Legal Residence Clarification
Legal Residence refers to the special 4% assessment ratio for owner occupied homes. This results in a tax savings of one-third of the tax bill compared to the 6% ratio if application for the special assessment is not made.
What is the definition of Legal Residence?
For property tax purposes the term "Legal Residence" shall mean the permanent home or dwelling place owned by a person and occupied by the owner thereof. It shall be the place where he intends to remain permanently for an indefinite time even though he may temporarily be living at another location. However, the same shall not include a residence maintained principally for vacation or recreational purposes. (South Carolina Tax Commission Regulation 117-122)
What are the Qualification Requirements for Legal Residence?
To qualify for the special property tax assessment ratio allowed by this item, the owner-occupant must have actually owned and occupied the residence as his legal residence and been domiciled at that address for some period during the applicable tax year and remain in that status at the time of filing the application required by this item.
The owner must have title (deed or will) or have an equity interest (Contract to Purchase)and the property must be occupied by the owner as his legal residence. The property can include not more than five acres contiguous thereto and be owned totally or in part in fee or by life estate, but shall not include any portion which is not owned and occupied for residential purposes.
Taxpayers who qualify for legal residence also qualify for additional relief as provided in the Property Tax Relief Act of 1995. This relief is applied to first $100,000 of the property value using the school operating portion of the millage (1995) of the current millage rate. The amount of exemption is determined each year based on the South Carolina General Assembly revenue projections.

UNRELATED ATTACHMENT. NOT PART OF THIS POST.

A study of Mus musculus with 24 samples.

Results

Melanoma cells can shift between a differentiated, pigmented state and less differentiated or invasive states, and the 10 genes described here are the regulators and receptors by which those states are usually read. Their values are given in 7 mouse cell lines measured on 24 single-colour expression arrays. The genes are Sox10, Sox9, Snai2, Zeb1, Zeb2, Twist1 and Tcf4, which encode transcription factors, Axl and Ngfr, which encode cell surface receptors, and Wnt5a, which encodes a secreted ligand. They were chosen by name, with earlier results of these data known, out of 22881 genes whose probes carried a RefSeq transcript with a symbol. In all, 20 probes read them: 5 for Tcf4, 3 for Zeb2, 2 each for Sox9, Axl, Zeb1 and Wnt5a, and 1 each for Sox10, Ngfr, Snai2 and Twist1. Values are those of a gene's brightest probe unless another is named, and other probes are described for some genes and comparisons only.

When do you File for Agricultural use and/or Legal Residence?
The owner of the property or the owner's agent must apply for the four percent assessment ratio before the first penalty date for the payment of taxes for the tax year for which the owner first claims eligibility. Example: for tax year 1999 file between January 1, 1999 and January 15, 2000.
Once an initial application for agricultural use value and/or legal residence has been qualified, no further application is necessary while the property continues to meet the eligibility requirements of this item. In any year that you change legal residence to another property, then a new application must be filed on the new legal residence during the filing period. The owner shall notify the assessor of any change in use within six months of the change.
Remember: Failure to file and become qualified means an automatic 6% assessment. View a brief explanation of agricultural use value and legal residence, along with other classes assigned to real property in Richland County.